Why all businesses should embrace sustainability

Why all businesses should embrace sustainability
Hiten Patel

By Hiten Patel

14 Oct 2020

Sustainability is so much more than a trend. The world is socially conscious. Consumers are judging businesses on their corporate social responsibility and on whether their values and actions are aligned.

It is not enough for businesses to simply say they stand for a cause, they must have honourable intentions and a motivated agenda behind it too.

Why all businesses should embrace sustainability

Embracing sustainability brings many benefits: a better brand image, improved employee and client retention and reduced overheads, to name but a few. All of which contribute to better business performance, long-term growth and greater returns for shareholders. With so many businesses now embracing ESG, those that don’t may be left behind.

On a practical level, in April 2022, it also became mandatory for many UK businesses with over 500 employees to begin including climate considerations in their annual reporting. Obligations for UK businesses to be transparent on their sustainability efforts is only going to increase.

How can businesses increase sustainability?

There are four distinct areas that businesses can and should focus on:

  • Human
  • Environmental
  • Social, and
  • Economic.

While these can seem like basic and simple ethics, incorporating them into a business model, like changes in how we behave towards the environment, is essential to make sure change does happen. While some businesses consider sustainability to cover only environmental issues, others make steps towards improving education, poverty, health, women’s rights and so much more. The spectrum is as broad as you make it. The important thing is you decide what your business stands for, such as a social issue relevant to your brand.

How to embrace sustainability in your organisation

While most businesses agree that sustainability is a worthwhile concept, many have yet to take the steps towards implementation.

It is also worth noting that according to new research from Getty Images, which surveyed 10,000 people globally, 81% see themselves as eco-friendly but just 50% say they only buy products from brands that try to be eco-friendly.

The survey also found that 84% of UK consumers say that being environmentally friendly is important to them, yet 68% cannot name an environmentally friendly brand.

This disconnect should not put businesses off, as it shows consumers are mindful of sustainability, giving businesses the opportunity to connect with consumers and build loyalty if they can clearly communicate what they stand for. Sustainability provides businesses with the key to remaining competitive. And its implementation in long-term business plans and strategies can only have a positive effect on customer loyalty and revenue. Other benefits include increased employee retention, improved environmental benefits and an improved brand image from customers, employees and investors.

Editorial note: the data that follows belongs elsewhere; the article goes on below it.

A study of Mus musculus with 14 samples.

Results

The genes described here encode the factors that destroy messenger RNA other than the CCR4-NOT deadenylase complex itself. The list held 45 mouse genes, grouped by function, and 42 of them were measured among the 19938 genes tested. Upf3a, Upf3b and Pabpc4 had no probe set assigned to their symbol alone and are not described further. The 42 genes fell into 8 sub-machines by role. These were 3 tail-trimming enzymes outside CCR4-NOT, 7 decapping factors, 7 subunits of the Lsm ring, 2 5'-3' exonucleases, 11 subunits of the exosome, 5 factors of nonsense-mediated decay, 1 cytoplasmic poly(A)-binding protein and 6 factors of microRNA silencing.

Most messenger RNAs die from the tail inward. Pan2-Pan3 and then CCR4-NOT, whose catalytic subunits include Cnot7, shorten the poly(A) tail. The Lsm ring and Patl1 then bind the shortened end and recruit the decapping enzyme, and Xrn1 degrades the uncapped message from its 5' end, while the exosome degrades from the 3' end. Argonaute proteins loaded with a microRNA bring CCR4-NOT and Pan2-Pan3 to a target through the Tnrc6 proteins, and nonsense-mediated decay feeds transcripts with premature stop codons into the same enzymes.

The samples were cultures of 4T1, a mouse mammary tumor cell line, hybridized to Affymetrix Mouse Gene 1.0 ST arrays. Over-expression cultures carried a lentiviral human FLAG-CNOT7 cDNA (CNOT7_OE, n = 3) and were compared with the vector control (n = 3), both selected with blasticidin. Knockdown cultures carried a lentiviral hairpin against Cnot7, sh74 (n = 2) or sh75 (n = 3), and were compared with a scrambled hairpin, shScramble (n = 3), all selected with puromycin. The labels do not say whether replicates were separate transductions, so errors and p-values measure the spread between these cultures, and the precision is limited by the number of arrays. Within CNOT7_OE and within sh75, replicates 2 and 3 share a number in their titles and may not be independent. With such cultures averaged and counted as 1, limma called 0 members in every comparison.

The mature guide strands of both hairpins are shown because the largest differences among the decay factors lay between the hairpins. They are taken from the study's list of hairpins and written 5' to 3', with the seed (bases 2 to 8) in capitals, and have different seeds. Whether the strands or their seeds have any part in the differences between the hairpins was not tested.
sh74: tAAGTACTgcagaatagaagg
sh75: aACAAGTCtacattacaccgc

Proactive sustainability over reactive sustainability

With major brands coming under fire for not embracing sustainability for materials which negatively impact the environment or poor working conditions for employees, there’s a race to be proactive rather than being forced to be reactive. Public outrage and boycotts for a lack of sustainability are exceedingly difficult to bounce back from, especially in the age of social media where news items can be spread in just a few hours.

A lack of sustainability can lead to your brand being ‘cancelled’, a label that no business can afford. Transparency when it comes to sustainability is therefore imperative. Campaigns are an effective way to showcase what your brand stands for, addressing any grey areas and providing audiences and customers with full disclosure to you as a business.

Simple switches for active sustainability

From switching to paper straws to eliminating plastic bags, multiple global franchises have paved the way in sustainability for other businesses to follow suit. McDonald’s, Nike, Google, Apple, Nestlé… all of these household names and many more have taken the time and effort to improve their sustainability. Amazon even has a dedicated hub to highlight its commitment to sustainability.

Example: Iceland’s collaboration with Greenpeace

Other ways brands are embracing sustainability is by partnering with organisations that align with their values. For example, Iceland has gone into partnership with Greenpeace to raise awareness of palm oil.

The campaign they created was a powerful display of how exactly we are impacting the environment with the over farming of palm oil. It shows a young orangutan, Rang-tan, now without a home and shows the devastating effects of deforestation as a result of over-farming their habitat. On release, the video generated over four million views, and as a result, spread awareness of the effects of farming palm oil and accumulated over 670,000 signatures on a petition to get the advert released on television. This collaboration was just one example of a brand embracing sustainability and using their platform to drive real change.

Our responsibility for the future

Essentially, brands must be able to meet the demands of today without compromising the needs of tomorrow. Serious environmental issues such as climate change and global warming are constantly on the rise, and as a society, these issues are becoming more essential for consumers. Brands that are being responsible and are communicating their sustainability message will be able to build long-term trust and loyalty with their stakeholders.